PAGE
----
If you’re like most people, you take your wrists and hands—and all the things they help you do—for granted…until they cause you pain. Although you use them to carry out many different tasks, some activities can put stress on your wrist joints.
This stress can compress the median nerve that runs through a passageway in your wrist, called the carpal tunnel. This nerve helps your hands and wrists move and feel. When the tunnel narrows because of this compression, it pushes on your median nerve.
Since other conditions can share the symptoms of carpal tunnel syndrome and because the condition can worsen without treatment, it’s important to schedule an appointment with a provider who can accurately diagnose and treat the underlying issue causing your CTS.
At Modern Migraine MD in Manhattan, NYC, Toms River, New Jersey, Aventura, Florida, and virtually in 13 states, board-certified neurologist Risa Ravitz, MD, offers solutions that reduce the pain, numbness, weakness, and other symptoms of carpal tunnel syndrome.
In the meantime, here are our top five tips for reducing carpal tunnel pain and the ways we can help manage your condition.
When you have carpal tunnel syndrome and your symptoms flare, it’s a sign it’s time to rest your wrists. Although it can be difficult to do since we use our hands for almost everything, it’s important to give your wrists a break from anything that triggers your symptoms.
If your job or hobby requires repetitive wrist movements, like typing, chopping, playing a musical instrument, knitting, etc., take frequent breaks. You can change up the hand you use for different tasks, or stop to stretch your wrist and hands a few times every hour.
You can reduce your carpal tunnel pain by easing the pressure on your median nerve. While severe cases of CTS may require surgery to minimize this pressure, you can help reduce compression by wearing braces or splints on your wrists to keep your hands and wrists correctly aligned.
You also want to make your work or hobby area ergonomically friendly. For example, keep your wrists above your hands when you type, and position your elbows close to your sides. This reduces pressure on the median nerve in your wrists.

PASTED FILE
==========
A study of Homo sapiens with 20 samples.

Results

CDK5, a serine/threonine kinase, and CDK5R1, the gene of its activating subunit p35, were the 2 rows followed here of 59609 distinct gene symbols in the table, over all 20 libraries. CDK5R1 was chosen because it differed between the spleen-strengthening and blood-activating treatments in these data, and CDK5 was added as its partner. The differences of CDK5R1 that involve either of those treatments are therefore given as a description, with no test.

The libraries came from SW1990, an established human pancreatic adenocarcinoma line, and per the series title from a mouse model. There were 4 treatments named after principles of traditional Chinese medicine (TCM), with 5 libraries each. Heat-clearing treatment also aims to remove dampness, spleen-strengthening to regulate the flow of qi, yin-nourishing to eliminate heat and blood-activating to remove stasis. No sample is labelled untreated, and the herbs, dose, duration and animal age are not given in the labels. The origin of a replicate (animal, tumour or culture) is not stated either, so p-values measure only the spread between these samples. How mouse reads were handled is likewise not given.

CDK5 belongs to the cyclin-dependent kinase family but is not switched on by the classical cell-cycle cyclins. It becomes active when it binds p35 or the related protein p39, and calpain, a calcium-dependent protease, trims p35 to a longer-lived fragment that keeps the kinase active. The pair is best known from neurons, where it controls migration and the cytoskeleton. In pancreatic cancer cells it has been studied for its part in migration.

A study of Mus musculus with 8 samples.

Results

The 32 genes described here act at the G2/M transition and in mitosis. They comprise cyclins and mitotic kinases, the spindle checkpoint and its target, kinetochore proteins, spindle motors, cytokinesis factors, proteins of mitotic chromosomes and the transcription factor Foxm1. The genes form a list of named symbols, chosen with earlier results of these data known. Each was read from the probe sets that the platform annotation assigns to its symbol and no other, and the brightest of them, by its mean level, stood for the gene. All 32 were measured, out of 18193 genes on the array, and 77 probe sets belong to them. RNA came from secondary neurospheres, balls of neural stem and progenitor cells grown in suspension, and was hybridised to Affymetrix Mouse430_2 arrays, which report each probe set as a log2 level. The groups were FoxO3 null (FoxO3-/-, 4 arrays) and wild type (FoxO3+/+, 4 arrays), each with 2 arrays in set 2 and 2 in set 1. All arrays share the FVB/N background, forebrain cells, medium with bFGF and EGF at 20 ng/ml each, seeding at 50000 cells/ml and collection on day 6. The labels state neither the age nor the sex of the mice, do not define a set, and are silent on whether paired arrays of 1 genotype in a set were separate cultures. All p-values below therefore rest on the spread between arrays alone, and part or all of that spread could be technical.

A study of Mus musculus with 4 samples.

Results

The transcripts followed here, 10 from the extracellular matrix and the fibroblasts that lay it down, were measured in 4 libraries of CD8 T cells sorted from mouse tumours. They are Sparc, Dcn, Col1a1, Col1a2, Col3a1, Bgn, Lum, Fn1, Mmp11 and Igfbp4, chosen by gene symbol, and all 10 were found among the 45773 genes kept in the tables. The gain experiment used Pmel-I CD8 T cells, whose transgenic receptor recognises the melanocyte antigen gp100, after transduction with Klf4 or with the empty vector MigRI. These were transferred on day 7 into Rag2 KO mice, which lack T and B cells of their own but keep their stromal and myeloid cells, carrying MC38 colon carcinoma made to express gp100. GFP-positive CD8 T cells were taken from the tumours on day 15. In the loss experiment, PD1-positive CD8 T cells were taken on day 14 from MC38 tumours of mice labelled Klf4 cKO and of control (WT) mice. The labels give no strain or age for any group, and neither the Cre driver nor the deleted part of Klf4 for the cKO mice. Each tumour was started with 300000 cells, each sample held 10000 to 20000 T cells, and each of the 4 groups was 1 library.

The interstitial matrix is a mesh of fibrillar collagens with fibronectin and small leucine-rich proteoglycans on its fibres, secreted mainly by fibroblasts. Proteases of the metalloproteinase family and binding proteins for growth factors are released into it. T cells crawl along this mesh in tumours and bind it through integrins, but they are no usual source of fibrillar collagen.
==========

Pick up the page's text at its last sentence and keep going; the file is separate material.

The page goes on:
Most people use more force than necessary when carrying out everyday tasks. For example, you might have a habit of banging at the keyboard when you type or gripping tools and utensils tightly. This can make the symptoms of carpal tunnel worse. To reduce CTS pain, work at using a light touch.
Research tells us simple lifestyle changes, like being mindful of your sleeping position, can help minimize CTS pain. If you rest on your hands or curl them under you while you sleep, you can make your carpal tunnel symptoms worse. Try changing your sleep position or wearing wrist braces at night to keep your hands and wrists in the right position.
If the pain of carpal tunnel syndrome keeps you from doing the things you enjoy or prevents you from resting, you can take nonsteroidal anti-inflammatory drugs (NSAIDs), like ibuprofen. These over-the-counter medicines help minimize inflammation and reduce pain. You also apply ice or cold packs for 10-15 minutes several times a day.
Without treatment, carpal tunnel syndrome usually worsens over time. However, if you see Dr. Ravitz at Modern Migraine MD as soon as possible, she can help slow or reverse the condition. This can mean avoiding surgery and other invasive therapies.
Dr. Ravitz begins by evaluating your symptoms, reviewing your overall health and medical history, examining your wrists and hands, and orders any diagnostic tests necessary to create a personalized carpal tunnel treatment plan.
For patients with in-office appointments, Dr. Ravitz assesses your wrist and hand sensation and function and may conduct electrodiagnostic studies, such as a nerve conduction study (NCS) or needle electromyography (EMG) to evaluate nerve function and identify any nerve damage.
Most of the time, Dr. Ravitz begins carpal tunnel treatment with noninvasive therapies like lifestyle and activity changes, at-home exercises, and wrist splints or braces. She works with your other healthcare providers to ensure you get the ongoing carpal tunnel care and treatment you need.